On Screen Addiction
Look everywhere. Everyone has their faces buried in their phones, or tablets, or Kindles, or what have you. Why wouldn’t this be the case? After all, we have beaming screens of pure information available to us 24 hours a day. Just ten years ago, it wasn’t nearly like this, and smartphones were still in their early stages. A lot of the functionality that we take for granted today was just an idea in someone’s head.
Our phones have changed every part of our lives. Most obviously, we are always able to communicate with anyone, anywhere, anytime. This has enormous benefits, and has led to our phones doing everything from containing our books, to allowing us to hail a cab, to trading stocks, to posting pictures of our lunch for our friends to see. Such a large amount of the daily activities you do are tied to your phone in one way or another, so it’s natural for it to become an extension of yourself as you go about your life.
However, with all great things come great downsides. As time goes on, and mobile phone use reaches a critical mass, there’s the very clear and present issue of screen addiction. Now, of course, texting while walking or something like that is never a good thing, but I’m referring to the psychologically-conditioned need to constantly check one’s phone and be on one’s phone, even when the time is not appropriate or even when you’ve checked it seconds ago. This has gotten to the point where many cannot even sit still by themselves (say, when you’re waiting at a bar for friends or waiting for your bus to arrive) without being glued to your phone.
It’s akin to being a cigarette smoker. Your hands are instinctively reaching for your phone without you even realizing it. You’ve probably already checked it since you’ve began reading. It’s almost less of a need to see new information than it is to use the phone as a fidget of sorts.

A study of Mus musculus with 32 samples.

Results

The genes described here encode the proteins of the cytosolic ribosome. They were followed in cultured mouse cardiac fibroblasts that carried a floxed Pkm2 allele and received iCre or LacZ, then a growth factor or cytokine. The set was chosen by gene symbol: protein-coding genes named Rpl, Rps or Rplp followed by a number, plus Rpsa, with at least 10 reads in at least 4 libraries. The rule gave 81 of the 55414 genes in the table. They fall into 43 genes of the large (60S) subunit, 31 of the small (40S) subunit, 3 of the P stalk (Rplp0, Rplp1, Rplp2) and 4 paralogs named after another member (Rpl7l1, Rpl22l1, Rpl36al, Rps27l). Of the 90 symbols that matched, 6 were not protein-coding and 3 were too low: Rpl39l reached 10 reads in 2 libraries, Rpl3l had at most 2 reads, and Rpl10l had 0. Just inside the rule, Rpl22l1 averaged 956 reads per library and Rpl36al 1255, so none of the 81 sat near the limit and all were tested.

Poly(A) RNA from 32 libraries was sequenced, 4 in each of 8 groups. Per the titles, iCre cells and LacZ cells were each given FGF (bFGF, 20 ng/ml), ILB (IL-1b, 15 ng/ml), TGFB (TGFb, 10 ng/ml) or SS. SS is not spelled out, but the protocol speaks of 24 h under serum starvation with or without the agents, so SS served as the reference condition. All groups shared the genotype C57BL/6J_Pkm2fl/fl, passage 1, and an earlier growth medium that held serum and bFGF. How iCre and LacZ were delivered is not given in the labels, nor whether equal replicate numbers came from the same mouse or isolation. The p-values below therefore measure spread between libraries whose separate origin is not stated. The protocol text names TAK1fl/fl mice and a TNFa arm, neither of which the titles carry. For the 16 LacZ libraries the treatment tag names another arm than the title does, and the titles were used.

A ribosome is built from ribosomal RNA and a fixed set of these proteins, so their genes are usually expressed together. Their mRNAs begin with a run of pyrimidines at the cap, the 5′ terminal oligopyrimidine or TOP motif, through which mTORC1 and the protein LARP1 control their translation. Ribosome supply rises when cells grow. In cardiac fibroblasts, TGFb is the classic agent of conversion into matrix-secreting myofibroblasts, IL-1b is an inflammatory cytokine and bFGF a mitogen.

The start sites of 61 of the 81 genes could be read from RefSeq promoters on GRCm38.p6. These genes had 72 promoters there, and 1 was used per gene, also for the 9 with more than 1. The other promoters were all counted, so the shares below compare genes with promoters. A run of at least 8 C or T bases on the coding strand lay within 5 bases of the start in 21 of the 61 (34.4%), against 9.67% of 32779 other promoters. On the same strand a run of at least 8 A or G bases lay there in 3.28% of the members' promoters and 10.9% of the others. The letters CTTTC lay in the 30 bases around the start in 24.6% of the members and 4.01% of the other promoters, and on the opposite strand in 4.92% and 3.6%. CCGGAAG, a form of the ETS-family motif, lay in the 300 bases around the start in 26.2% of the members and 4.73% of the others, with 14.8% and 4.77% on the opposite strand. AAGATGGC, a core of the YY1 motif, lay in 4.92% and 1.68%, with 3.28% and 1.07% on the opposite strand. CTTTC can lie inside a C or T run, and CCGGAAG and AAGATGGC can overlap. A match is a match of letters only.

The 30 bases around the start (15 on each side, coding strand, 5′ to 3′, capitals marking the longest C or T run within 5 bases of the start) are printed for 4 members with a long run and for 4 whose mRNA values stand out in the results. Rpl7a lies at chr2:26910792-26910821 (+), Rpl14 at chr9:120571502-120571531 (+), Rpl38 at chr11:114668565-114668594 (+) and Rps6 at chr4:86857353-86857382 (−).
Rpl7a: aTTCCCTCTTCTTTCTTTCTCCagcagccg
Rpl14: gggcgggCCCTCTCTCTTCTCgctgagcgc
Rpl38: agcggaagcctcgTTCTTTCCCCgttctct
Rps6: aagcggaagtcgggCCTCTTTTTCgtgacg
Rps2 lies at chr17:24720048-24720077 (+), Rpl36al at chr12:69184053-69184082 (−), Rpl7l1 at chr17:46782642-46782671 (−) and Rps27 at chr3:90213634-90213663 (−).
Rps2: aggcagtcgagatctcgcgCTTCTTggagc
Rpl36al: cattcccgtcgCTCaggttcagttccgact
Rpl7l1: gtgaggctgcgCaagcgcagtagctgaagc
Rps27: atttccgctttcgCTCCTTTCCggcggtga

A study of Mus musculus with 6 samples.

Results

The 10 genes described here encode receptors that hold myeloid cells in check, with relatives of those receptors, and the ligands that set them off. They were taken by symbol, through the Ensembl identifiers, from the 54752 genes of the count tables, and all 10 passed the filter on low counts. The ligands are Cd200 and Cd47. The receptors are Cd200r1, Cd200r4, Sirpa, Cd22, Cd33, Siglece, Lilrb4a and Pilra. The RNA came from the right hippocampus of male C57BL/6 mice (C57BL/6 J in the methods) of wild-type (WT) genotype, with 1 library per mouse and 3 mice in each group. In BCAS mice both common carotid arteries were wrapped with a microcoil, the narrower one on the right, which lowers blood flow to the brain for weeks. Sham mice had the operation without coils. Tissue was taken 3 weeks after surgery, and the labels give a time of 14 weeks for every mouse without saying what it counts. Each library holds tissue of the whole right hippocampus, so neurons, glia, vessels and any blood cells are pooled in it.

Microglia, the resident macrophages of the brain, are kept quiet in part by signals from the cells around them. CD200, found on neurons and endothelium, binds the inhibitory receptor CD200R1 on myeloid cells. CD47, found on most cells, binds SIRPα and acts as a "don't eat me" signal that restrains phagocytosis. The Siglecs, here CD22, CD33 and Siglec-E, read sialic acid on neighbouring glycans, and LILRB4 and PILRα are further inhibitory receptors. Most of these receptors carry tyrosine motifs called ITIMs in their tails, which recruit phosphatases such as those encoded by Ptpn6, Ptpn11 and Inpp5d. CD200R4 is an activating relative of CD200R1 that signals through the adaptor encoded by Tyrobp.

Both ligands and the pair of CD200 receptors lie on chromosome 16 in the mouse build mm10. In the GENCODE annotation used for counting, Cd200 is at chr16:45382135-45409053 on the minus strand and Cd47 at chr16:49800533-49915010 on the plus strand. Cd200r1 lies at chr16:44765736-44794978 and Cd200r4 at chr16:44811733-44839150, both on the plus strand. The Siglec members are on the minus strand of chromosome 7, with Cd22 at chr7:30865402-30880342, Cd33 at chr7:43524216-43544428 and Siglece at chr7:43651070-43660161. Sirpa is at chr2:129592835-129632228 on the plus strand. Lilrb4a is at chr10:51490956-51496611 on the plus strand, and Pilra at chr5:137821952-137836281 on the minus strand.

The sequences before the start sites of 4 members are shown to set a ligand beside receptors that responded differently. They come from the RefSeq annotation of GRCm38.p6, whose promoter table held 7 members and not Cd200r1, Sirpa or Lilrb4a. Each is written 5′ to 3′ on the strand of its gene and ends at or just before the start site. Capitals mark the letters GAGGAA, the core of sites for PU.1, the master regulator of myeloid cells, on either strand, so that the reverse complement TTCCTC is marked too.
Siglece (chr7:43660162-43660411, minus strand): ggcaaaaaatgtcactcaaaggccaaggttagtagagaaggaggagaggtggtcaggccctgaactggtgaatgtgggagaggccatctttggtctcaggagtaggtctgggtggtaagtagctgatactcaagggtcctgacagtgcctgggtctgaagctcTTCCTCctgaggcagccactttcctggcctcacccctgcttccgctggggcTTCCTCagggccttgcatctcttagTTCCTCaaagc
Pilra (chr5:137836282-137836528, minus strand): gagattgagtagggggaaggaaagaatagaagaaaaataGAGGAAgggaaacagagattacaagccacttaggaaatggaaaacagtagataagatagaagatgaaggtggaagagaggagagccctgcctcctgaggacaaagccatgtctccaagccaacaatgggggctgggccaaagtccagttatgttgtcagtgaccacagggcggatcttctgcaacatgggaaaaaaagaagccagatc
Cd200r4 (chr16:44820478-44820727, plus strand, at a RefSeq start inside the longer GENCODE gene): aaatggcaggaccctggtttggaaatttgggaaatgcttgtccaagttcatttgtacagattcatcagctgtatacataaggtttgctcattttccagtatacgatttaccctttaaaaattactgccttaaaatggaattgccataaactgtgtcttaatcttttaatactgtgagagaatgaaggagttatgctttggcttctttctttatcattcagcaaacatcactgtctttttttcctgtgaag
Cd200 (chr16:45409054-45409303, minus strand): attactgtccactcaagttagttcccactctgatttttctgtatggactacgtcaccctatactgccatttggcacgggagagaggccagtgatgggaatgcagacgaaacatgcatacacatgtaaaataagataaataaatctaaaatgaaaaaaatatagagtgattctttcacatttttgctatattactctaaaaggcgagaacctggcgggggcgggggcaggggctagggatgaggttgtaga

Social media and its issues
Social media has been under fire for so many reasons. It’s clear that looking at it too much is not good for you — as the old saying goes, you’re looking at a highlight reel of other people’s lives. All criticism aside, it does provide an unprecedented ability for likeminded people to connect, for better and for worse.
To fully write off social media as a “bad thing” is to ignore the undeniable benefits that free exchange (usually) brings about. Grassroots movements can begin and ideas can be spread without having to go through the old gatekeepers of media.
However, just having an excess of access to social media every waking moment is not a good thing. It is a major part of what seems to drive screen addiction — the small kick of dopamine that you get when you get a notification, see your likes counter increase, see new comments, and so on. Everyone wants to be popular, and when you actually have some kind of quantifiable proof that you’re “worthwhile” then the brain feels good.
Isolation in a connected world
And yet, despite the immediate ability to connect with anyone in the world, I think that this actually brings forward the counterintuitive phenomenon of isolation as a result. Firstly, the quality of interactions is far diminished in many cases. Face-to-face, or even on the phone, is superior to today’s web of likes, direct messages, tagging someone, and so on. You think that you’re communicating in some kind of quality way, but at the same time you aren’t.
Enough interactions like this and you start losing touch with the value of more “real” interactions. All of that serves to, counterintuitively, bring a sense of isolation.
It’s similar to the cliche of living in a big city of millions and feeling alone. Sure, you interact with so many people every day. But if “quality over quantity” ever meant anything, it means a lot here.
As we trend to being ever-more reliant on our devices, it remains to be seen what kind of long term societal and mental health effects there will be. Software-based solutions are available or are being implemented, which limit the amount of time you spend using certain apps. That’s a step in right right direction for self-control, but it is the app makers and operating system manufacturers that are doing this, and it is in their best interest that you spend more time interacting with their products.
There are also certain concepts gaining in popularity that make it clear that your devices should not be prioritized over proper interaction. Think of how it’s considered rude to be on your phone on a date, or the game played at restaurants where everyone’s phone is face down and the first person to grab it pays the entire bill. It’s clear that many realize that screen addiction isn’t good, but it’ll take a larger, more concerted cultural change that emphasizes personal interactions to be able to mitigate the phenomenon that we’re seeing here.
I’m a digital strategist and occasional photographer living in New York City. Follow me at @andreikorchagin on Instagram, or visit me at andreikorchagin.com.